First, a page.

Automotive industry faces severe data breaches and ransomware threats, CybelAngel investigation reveals
September 2021 by CybelAngel
An investigation by CybelAngel amongst leading automotive companies, discovered that trade secrets, personally identifiable information (PII) and other highly sensitive information had been leaked. Some of the leaked information included blueprints of engines and even production facilities.
Security weaknesses across the automotive supply chain were also discovered. Researchers found confidential agreements, blueprints, along with letters from human resources relating to issues such as employee contract termination.
CybelAngel conducted a wide-ranging examination of leading automotive companies throughout the first six months of 2021 to understand their cyber exposure risk and vulnerabilities, analyzing assets that are publicly available without the need for authentication.
Data was found across file servers, email exchange servers, databases, pastebins, and IoT devices.
The findings include:
• Out of a sample group of 2.2 million employees, roughly one in 10 employees have exposed publicly accessible credentials available online.
• Companies from the United States and Western Europe suffered the most exposed credentials. These credentials represent a major risk, as stolen, exposed, or reused credentials are exploited in 30% of ransomware attacks.
• Researchers found 26,322 exposed assets with open ports or protocols that needed to be closed immediately or monitored closely.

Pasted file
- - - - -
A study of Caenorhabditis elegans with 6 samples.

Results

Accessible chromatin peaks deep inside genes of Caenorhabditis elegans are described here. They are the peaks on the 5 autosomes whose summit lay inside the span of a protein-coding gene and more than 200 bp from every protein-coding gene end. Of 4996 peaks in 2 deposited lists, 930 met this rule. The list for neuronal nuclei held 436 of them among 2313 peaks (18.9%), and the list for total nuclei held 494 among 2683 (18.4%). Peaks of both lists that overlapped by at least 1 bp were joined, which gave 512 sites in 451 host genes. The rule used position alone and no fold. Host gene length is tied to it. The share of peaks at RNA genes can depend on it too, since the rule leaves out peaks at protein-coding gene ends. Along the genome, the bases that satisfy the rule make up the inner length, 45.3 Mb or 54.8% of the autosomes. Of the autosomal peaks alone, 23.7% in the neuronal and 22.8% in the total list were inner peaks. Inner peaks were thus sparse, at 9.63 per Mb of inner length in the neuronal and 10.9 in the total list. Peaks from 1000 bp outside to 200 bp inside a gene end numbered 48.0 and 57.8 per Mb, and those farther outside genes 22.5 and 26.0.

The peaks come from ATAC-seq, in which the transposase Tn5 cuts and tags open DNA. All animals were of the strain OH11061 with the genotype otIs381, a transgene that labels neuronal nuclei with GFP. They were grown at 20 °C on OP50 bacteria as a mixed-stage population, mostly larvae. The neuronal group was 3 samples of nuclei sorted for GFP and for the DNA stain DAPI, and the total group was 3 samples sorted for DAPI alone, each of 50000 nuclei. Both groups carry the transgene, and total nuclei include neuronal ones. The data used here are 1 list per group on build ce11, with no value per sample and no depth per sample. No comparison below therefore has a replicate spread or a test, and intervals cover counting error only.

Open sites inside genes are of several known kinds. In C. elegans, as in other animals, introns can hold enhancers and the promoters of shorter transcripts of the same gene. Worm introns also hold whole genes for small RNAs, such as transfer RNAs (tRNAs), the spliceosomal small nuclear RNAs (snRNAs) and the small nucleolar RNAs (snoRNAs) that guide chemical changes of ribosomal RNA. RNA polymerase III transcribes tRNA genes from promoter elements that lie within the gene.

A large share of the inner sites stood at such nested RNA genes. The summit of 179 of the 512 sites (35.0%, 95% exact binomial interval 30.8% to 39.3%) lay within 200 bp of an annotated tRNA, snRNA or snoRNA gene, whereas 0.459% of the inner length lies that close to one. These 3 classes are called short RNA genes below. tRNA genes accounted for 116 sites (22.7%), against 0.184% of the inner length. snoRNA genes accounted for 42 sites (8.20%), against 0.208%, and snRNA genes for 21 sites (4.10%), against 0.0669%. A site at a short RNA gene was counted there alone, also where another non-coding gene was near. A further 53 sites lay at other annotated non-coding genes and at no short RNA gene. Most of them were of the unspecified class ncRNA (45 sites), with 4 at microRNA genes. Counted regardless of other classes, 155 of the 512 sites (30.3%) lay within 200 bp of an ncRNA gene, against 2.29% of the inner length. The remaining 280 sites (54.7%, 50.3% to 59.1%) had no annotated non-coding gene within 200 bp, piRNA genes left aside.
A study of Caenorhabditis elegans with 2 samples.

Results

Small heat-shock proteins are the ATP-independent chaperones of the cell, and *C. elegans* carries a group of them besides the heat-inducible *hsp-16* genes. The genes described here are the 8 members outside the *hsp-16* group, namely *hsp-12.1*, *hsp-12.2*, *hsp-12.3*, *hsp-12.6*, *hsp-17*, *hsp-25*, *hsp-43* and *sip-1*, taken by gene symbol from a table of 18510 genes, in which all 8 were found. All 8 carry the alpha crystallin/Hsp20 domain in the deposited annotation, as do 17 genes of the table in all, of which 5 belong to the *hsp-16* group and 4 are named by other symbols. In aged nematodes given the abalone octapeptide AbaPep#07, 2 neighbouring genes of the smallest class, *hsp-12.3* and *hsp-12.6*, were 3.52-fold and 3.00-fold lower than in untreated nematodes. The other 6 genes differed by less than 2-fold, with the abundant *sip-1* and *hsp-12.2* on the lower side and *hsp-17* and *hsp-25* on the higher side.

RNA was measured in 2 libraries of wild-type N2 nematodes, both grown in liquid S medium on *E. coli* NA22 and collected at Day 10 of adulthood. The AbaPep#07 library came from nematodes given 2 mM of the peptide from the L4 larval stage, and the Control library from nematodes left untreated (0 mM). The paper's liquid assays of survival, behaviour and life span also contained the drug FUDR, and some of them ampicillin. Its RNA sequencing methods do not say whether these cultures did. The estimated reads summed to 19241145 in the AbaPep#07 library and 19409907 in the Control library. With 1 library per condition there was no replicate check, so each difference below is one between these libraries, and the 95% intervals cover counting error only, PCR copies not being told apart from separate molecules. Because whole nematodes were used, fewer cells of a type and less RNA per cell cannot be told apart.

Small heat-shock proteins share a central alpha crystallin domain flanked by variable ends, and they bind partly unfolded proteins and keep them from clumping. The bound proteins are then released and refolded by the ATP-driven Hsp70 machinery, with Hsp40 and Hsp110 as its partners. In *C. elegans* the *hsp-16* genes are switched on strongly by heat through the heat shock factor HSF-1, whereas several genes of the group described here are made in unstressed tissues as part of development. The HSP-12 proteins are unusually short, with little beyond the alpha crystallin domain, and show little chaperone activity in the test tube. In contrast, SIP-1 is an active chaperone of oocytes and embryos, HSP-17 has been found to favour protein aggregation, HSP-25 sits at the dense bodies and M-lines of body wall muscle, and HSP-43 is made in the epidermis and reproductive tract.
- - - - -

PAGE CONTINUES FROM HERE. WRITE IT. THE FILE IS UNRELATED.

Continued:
• The most significant leak was from an industrial design firm responsible for a leading US car firm’s new factory. The leaker appears to be a China-based design services supplier, commissioned especially for this project. These documents, dated to 2020, include around 200 pages of blueprints detailing the facility infrastructure and security system specifications.
• One manufacturer in the analysis exposed several million files in an AWS S3 bucket. The information included commercial details, email exchanges, contracts, invoices, and technical data. Another company exposed documents on their supplying of steel and other inputs to their competitors in violation of a Non-Disclosure Agreement (NDA), exposing them to legal risk.
Erwan Keraudy, CybelAngel CEO, said: “The risks of exposed data cannot be overstated. As well as ransomware attacks, leaks, exposed assets and credentials put companies at risk of intellectual property theft, data theft, corporate espionage, and fraud. The exposure of employee PII also means companies could end up being hit with multi-million dollar fines for breaking regulations like the GDPR.
“If the information relates to confidential information such as details of a company sale, the organisation that leaked the data could face legal action for breaking non-disclosure agreements or data privacy regulations as well as causing the failure of the entire acquisition deal.
“The automotive sector is attractive to hackers because it has long, complex, and interconnected supply chains with varying cybersecurity levels and therefore weak points. This report should be a wake-up call for the car industry, because the road ahead will be extremely bumpy unless action is taken to lock down data and safeguard credentials.”